The Last Detail (1973); Hal Ashby, director.

This one may not be obscure enough, but I don’t care. It is one of my favorite movies of all time and if I can convince one person who hasn’t heard of it to go see it, I’ll withstand ten cries of “bullshit!” in the comments.

This was the movie – not Easy Rider – that cemented Jack Nicholson’s badass persona. Hell, his character’s name is Bad Ass! In The Last Detail he and Otis Young must escort Randy Quaid across the country to waste the rest of his life in the brig for a stupid, petty crime. It is so counter-culture that it actually presents characters who love the military as rebellious anti-heroes. (In 1973!)

The Last Detail is a vulgar and hilarious road picture with an extended sequence of three sailors in their underwear drinking canned Schlitz. It might be the best film made about male bonding and if Todd Philips ever watched it he might feel compelled to burn the negatives of The Hangover Part II.

Fat City (1972); John Huston, director.

One of the exciting things about New Hollywood is how it gave a shot of adrenaline to a number of Old Hollywood artists. Chief among them John Huston.

The director of The Treasure of the Sierra Madre and The Maltese Falcon ended his career with a series of innovative films, my favorite of which is the depressing-as-all-hell skid row boxing picture Fat City.

It stars Stacy Keach as a washed-up fighter looking for something, anything, to cling to before his destroyed body conks out. Jeff Bridges co-stars as the chipper, eighteen year old newcomer and Susan Tyrrell is heartbreaking as the barfly/lover. Kris Kristofferson’s drunk barroom music provides the score, Steinbeck-country California provides the setting. Have a drink ready after this one.

Taking Off (1971); Milos Forman, director.

New Hollywood took a lot of its cues from Europe, but there were a few Europeans who took advantage of the studios’ desire to try new things and came over here. Milos Forman, the central figure of this period in Czech cinema made his American debut with this satire on the generation gap.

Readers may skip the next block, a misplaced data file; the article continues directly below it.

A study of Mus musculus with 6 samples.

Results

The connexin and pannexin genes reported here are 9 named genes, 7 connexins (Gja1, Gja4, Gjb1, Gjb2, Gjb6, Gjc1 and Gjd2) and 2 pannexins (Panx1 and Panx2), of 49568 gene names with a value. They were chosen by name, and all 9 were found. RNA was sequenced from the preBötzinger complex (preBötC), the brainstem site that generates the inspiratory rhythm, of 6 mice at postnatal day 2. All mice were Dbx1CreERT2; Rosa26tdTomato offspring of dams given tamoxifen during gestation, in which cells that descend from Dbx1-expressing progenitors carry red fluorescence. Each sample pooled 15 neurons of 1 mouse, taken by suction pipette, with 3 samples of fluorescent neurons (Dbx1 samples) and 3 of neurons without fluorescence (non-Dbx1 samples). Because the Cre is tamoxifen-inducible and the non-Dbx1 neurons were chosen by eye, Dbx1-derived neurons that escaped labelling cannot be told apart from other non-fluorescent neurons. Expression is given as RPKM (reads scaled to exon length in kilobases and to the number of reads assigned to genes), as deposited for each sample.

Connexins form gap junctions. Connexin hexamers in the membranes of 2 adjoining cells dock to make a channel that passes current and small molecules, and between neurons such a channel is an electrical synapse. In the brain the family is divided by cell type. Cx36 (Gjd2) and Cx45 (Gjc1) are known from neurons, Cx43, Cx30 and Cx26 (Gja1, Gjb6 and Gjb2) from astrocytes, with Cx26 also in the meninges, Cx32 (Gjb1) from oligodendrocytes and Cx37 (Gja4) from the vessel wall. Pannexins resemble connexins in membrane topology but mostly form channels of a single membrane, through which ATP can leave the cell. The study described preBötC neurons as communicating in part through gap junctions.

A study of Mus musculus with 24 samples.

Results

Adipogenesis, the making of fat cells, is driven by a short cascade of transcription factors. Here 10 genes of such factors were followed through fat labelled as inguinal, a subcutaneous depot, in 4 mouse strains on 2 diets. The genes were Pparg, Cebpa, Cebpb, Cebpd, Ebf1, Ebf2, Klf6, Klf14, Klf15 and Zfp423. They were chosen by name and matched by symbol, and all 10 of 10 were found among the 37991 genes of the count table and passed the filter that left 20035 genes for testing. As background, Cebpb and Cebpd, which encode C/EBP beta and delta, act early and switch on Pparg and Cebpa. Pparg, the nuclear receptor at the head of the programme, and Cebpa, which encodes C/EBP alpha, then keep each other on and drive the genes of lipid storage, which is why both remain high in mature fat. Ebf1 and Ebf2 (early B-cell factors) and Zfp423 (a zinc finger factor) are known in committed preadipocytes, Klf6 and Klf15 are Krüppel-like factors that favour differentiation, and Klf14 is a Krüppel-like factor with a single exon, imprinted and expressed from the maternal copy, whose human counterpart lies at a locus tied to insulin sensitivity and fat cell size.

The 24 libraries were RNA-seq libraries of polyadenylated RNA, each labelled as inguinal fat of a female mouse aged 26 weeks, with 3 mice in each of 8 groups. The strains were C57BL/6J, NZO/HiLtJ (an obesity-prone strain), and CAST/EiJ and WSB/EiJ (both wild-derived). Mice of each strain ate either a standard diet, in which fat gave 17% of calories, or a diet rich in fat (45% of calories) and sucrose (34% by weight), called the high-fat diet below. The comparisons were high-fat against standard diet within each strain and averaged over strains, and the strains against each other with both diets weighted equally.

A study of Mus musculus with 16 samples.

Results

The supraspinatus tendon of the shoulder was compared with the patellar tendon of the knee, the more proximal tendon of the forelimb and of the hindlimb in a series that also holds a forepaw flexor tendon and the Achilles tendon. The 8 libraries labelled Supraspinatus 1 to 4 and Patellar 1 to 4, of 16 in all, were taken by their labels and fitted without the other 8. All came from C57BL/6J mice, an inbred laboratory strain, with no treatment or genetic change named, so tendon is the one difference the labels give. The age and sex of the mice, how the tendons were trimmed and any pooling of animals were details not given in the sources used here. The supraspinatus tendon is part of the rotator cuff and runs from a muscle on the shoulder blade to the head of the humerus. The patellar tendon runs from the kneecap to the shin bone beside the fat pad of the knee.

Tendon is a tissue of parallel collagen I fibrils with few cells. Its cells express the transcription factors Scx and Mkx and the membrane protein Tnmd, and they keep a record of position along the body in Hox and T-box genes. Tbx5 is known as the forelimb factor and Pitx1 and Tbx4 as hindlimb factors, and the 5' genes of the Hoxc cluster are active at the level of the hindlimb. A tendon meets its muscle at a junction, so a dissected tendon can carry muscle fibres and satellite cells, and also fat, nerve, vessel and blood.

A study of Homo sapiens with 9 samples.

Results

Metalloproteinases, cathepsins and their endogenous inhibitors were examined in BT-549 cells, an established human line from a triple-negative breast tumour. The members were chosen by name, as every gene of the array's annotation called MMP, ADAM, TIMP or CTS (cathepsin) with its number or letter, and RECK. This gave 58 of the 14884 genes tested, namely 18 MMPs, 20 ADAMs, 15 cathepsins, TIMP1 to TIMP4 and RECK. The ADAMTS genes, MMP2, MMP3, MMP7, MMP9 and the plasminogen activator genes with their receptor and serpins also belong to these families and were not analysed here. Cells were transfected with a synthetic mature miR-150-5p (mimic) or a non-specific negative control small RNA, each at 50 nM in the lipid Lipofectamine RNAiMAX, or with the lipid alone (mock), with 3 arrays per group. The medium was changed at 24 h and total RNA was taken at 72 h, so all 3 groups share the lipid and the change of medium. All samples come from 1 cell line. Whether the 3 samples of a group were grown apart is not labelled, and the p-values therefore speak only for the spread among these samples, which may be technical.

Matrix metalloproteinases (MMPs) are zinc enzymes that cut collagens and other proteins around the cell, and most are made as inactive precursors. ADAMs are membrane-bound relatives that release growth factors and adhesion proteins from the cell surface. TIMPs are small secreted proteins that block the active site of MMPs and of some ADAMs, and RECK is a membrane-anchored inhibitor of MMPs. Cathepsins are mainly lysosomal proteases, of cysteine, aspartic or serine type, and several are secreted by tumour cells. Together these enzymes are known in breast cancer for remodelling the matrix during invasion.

In Taking Off Lynn Carlin and Buck Henry come face to face with modern times when their daughter runs away from home to live with hippies in New York’s East Village. It is a great example of Forman’s ability to touch upon important social issues through inappropriate humor. I’ve no doubt that this marijuana sequence was quite controversial in its day. (Yes, that’s Mr. Bentley from The Jeffersons who is “beginning to feel something.”)

The Hired Hand(1971); Peter Fonda, director.

AND

The Last Movie (1971); Dennis Hoppper, director.

I’m including both here because I’d like to maintain detente between the Fonda and Hopper camps.

The creators of Easy Rider parted company after changing the world and each followed up with a spin on the Western.

Fonda’s is the more traditional of the two, following the story of a Western roughneck trying to right the wrongs of his past. It makes grand use of evocative montages and music, more of a tone poem than a white hat/black hat tale.

While Fonda kept his focus small, Hopper went bananas with one of cinema’s more famous boondoggles. Most people have heard of this movie, not that many have seen it. I have (in a theater! Yay NYC’s Anthology Film Archives!) and I can assure you that it is actually kinda good. It is a hallucinatory, rambling tale about a film crew that comes to shoot a Western in Peru (with Samuel Fuller!) and a stunt man who doesn’t leave. Much like Hi, Mom! there are sequences that split from the narrative – that may or may not be “real” – that parody sitcom conventions. It is easy to shrug this film off as stoned mumbo-jumbo, but there is a method to it, as well as some really marvelous scenes.

So these are my eight picks. If you are a true movie nut you are boiling with rage over the ones I left out. Let me hear about it in the comments – but if you say something like Chinatown you are forgetting that these have to be underrepresented movies, and we will all come and yell at you.